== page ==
During my “day of rest” in the 8-week series designed by Rodney Yee yesterday I not only took the opportunity to do a home practice that I really wanted to do, I also looked over my blog entries from the first week of the series.  What was painfully obvious is that I don’t want to be doing this practice.

A home practice is not about self-punishment, it should feel really good.  It should be about commitment, dedication and making choices that reflect a very personal and intimate evaluation about state of mind, breath and body.  I really enjoy my home practice, but doing the series as designed by Rodney Yee felt a little bit like punishment—–I was really forcing myself, albeit unsucessfully, to do his program even when I didn’t feel like it.

This is precisely what makes a home practice different from a group practice.  If I go to a group class and the instructor has us do six tree poses, then I am going to do those six tree poses to the best of my ability and depending on how I feel, the energy of the instructor and the energy of the group on the class, I’m either going to feel like I enjoyed the class or not or that I learned something new or not, but you can’t choose your own adventure when you go to a group class.  When I practice at home, I always start out with some warm-up poses and seated grounding poses and then I organically move in a way that supports exactly where I am.  Tight in the hips, I throw in pigeon pose.  Tense through my spine?  I’ll start with some twists.  Basically, I start with a few poses that allow me to self-diagnose and then I do what feels best after that.  It just doesn’t feel right to be by myself, all alone, doing what doesn’t feel right.

This is not, in any way, a judgement on the book or the series or sequences as designed by Rodney Yee.  As a matter of fact, I think that, for someone who is relatively new to yoga and who wants to explore what it means to have a home practice, this is still a truly valuable reference.  But, for someone who has been doing yoga for almost 20-years and already has an established home practice, this series feels like I am being asked to deny the wisdom of my practice, a practice that has served me well for quite some time now.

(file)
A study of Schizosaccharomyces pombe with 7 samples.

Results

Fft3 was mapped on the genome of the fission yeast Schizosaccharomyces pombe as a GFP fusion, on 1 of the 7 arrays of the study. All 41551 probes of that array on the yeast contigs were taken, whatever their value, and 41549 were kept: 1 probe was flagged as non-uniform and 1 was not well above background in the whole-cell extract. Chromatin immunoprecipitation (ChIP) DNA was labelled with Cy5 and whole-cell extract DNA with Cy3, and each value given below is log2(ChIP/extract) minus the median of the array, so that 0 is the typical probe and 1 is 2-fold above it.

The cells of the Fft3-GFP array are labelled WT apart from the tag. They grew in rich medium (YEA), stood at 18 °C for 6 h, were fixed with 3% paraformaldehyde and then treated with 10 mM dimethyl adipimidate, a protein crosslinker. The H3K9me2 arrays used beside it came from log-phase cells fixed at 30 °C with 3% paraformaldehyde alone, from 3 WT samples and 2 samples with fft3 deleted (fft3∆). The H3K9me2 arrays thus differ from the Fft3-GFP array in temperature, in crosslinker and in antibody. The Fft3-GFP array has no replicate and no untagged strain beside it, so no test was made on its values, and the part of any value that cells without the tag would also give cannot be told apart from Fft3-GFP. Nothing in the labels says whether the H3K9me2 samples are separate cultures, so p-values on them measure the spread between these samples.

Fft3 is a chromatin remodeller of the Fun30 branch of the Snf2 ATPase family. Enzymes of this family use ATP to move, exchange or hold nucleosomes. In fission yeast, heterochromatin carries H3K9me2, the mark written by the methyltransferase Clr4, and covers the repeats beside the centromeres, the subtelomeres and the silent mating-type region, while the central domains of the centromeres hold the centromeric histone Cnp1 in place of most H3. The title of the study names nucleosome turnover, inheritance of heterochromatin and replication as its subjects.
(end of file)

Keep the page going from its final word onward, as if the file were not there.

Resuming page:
So, my 8-weeks of yoga with Rodney Yee ended after a week.  In the end, I have learned many valuable things from this experience of just one week:

  • Moving Toward Balance: 8 Weeks of Yoga with Rodney Yee is an excellent reference book for yogis of all levels (including teachers) who want to learn how to sequence a yoga practice, to explore alignment and desire very clear written instructions that are complemented by instructive photographs.  Regardless of whether you do the sequences as described, there is a lot of valuable information in this reference.
  • A home practice should never feel forced or like a punishment.  While you shouldn’t shy away from poses or only do the same exact poses, yoga isn’t poses and pose practice isn’t yoga.  If you take group classes regularly and want to try to do yoga at home, make sure that your home practice is something you look forward to.  Even if you just roll out the mat and enjoy an extended savasana, that is just as valid of a home practice as anything else.  Love it, enjoy it, benefit from it—–may your home practice be peace.
  • My current advice to students who want to start a home practice is actually the most helpful thing I can offer (I’m patting myself on the back here……).  I suggest that you roll out your mat.  Sit on your mat and breathe and see what happens.  If you feel inspired to practice a particular asana or move in a particular way, then do that.  If not, then do 5-10 cat/cow movements and see if you feel inspired.  If no inspiration comes to you, move into child’s pose and do a few sun salutations.  As you move through sun salutations, see what you feel inspired to—-perhaps a warrior pose or two, or maybe an eagle pose or maybe a tree pose or half-moon pose or…..you get the idea.  Not inspired, come on down and do a bridge pose and then wind relieving posture and hug your knees into your chest.  End with a 10-minute savasana.  Whatever you do, end in a 10-minute savasana.  I repeated that twice on purpose.  Even if you just sit, breathe and then end with savasana, that’s a lovely practice.  It might just be all you needed to start your day in peace or energize yourself in the middle of the day or close the day for a great night’s sleep.  Whatever it is, it’s yours and yours alone.

I’ll keep writing my blog and practicing and hope you’ll keep reading.   And, we’ll all sleep better tonight knowing that I’m no longer forcing myself to practice in a way that doesn’t bring peace to my life.  Oh home practice, I missed you last week!  Welcome back!  Welcome home!